Diphtheria is an acute, toxin-mediated disease caused by toxigenic strains of Corynebacterium diphtheriae. The disease affects mucous membranes of the respiratory tract (respiratory diphtheria), skin (cutaneous diphtheria), and occasionally mucous membranes at other sites (eyes, ears or vagina). Cutaneous and nasal diphtheria are localized infections that are rarely associated with systemic toxicity
- Symptoms of respiratory diphtheria have a gradual onset and include mild fever (rarely > 38 °C), malaise, sore throat, difficulty in swallowing, loss of appetite and (with laryngeal involvement) hoarseness. Within 2–3 days, a firmly adherent, grey membrane forms over the mucous membrane of the tonsils and pharynx, or both.
- In severe cases, cervical lymphadenopathy and soft-tissue swelling in the neck give rise to a “bull-neck” appearance. Extensive membrane formation may result in life-threatening or fatal airway obstruction. Diphtheria toxin can cause serious, life-threatening, systemic complications, including myocarditis and neuritis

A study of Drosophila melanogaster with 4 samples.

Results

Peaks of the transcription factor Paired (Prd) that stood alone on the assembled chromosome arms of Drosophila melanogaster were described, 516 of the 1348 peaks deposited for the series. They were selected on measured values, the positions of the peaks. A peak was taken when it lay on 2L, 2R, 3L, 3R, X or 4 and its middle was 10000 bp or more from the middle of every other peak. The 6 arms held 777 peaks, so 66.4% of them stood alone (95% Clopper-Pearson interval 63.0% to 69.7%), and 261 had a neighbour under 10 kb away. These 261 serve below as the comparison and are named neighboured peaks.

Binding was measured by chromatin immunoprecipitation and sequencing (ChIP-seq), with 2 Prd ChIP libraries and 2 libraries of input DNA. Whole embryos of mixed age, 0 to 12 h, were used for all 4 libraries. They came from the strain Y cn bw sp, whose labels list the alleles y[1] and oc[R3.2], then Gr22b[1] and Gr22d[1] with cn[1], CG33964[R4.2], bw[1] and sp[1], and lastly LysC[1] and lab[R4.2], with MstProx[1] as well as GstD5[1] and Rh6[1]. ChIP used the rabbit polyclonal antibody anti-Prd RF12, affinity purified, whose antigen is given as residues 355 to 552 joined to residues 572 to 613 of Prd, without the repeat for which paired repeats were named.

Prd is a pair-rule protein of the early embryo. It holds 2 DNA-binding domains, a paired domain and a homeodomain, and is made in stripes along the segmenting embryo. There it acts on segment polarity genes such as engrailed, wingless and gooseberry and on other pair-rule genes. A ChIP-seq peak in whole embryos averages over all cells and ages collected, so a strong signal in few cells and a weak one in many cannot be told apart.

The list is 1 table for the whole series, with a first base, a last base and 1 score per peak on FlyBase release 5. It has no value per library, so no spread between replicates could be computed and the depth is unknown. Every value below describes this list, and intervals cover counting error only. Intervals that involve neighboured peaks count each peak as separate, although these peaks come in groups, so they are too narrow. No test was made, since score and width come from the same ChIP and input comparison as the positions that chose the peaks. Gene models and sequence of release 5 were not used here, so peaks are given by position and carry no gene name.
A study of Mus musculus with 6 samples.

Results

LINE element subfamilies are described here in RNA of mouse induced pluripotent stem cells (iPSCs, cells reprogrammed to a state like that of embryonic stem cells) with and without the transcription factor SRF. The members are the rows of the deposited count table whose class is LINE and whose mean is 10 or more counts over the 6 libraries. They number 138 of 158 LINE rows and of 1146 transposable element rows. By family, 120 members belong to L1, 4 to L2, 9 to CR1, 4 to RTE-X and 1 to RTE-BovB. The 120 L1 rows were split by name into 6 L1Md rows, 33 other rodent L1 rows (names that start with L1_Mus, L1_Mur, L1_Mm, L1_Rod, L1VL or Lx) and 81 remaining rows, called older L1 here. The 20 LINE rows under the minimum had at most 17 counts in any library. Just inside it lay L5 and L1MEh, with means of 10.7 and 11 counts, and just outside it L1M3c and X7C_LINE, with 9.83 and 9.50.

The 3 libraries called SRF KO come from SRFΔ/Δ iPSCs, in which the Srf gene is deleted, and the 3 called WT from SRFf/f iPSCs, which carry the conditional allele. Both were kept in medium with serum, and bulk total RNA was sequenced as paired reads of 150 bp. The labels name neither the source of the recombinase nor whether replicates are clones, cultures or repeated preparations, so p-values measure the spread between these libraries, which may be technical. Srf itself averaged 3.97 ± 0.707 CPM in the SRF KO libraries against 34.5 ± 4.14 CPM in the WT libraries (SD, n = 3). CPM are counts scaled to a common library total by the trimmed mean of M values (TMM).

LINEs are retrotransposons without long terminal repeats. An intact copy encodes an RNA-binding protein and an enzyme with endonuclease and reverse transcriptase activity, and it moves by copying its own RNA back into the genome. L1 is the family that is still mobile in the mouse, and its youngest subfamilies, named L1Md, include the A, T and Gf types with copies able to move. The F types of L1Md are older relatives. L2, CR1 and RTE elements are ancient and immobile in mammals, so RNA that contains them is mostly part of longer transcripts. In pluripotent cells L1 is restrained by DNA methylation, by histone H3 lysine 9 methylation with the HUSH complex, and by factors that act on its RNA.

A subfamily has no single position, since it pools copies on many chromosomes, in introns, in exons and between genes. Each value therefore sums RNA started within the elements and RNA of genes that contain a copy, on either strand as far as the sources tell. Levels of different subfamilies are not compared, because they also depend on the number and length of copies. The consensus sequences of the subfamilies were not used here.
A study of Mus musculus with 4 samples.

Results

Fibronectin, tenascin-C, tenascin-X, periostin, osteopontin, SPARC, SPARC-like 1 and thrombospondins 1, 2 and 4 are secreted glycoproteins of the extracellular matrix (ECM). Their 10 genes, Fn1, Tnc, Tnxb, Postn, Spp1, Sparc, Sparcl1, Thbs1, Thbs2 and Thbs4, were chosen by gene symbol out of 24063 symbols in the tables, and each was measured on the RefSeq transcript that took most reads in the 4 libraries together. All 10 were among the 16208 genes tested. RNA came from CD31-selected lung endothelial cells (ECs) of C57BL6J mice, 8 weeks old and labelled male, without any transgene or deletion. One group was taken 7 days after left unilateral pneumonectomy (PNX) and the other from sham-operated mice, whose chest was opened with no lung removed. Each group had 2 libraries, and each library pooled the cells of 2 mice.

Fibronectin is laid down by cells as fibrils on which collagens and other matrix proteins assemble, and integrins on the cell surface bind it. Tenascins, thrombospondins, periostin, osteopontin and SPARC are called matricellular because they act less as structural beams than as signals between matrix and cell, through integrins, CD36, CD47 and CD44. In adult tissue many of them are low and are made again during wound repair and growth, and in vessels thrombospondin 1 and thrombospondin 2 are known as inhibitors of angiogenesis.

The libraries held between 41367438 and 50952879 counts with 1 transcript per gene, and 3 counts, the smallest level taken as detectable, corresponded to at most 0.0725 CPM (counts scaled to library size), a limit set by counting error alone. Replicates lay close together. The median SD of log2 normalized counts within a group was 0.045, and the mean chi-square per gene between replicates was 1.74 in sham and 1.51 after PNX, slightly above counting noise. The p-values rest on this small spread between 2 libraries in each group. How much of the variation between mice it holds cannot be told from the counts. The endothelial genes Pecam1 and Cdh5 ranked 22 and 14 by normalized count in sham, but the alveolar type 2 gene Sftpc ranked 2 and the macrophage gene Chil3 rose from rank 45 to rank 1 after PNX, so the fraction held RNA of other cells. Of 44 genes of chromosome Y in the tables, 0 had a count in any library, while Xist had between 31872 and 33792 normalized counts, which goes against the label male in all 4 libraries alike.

C. diphtheriae is the bacterial agent that causes diphtheria.
Mode of Transmission
Transmission is by contact (usually direct) with the respiratory droplets of a carrier, discharges from skin lesions, or contaminated objects (uncommon). In rare cases, the disease may be transmitted through foodstuffs (e.g. raw milk has served as a vehicle).
- Ensuring high population immunity through vaccination (primary prevention)
- Rapid investigation and treatment of contacts (secondary prevention of spread)
- Early diagnosis and proper case management (tertiary prevention of complications and deaths).
- WHO vaccine-preventable diseases: monitoring system — 2008 global summary. Geneva, World Health Organization (WHO), 2008 (WHO/IVB/2008) (WHO vaccine-preventable diseases: monitoring system 2008 global summary), WHO, 2009
- Article on Diphtheria Diphtheria (who.int)
Chapter 5. Diphtheria. In: Epidemiology and prevention of vaccine preventable diseases [The Pink Book], updated 11th ed. Atlanta, Centres for Disease Control and Prevention (CDC), 2009 (Chapter 7: Diptheria; Epidemiology and Prevention of Vaccine-Preventable Diseases 14TH Edition (cdc.gov)).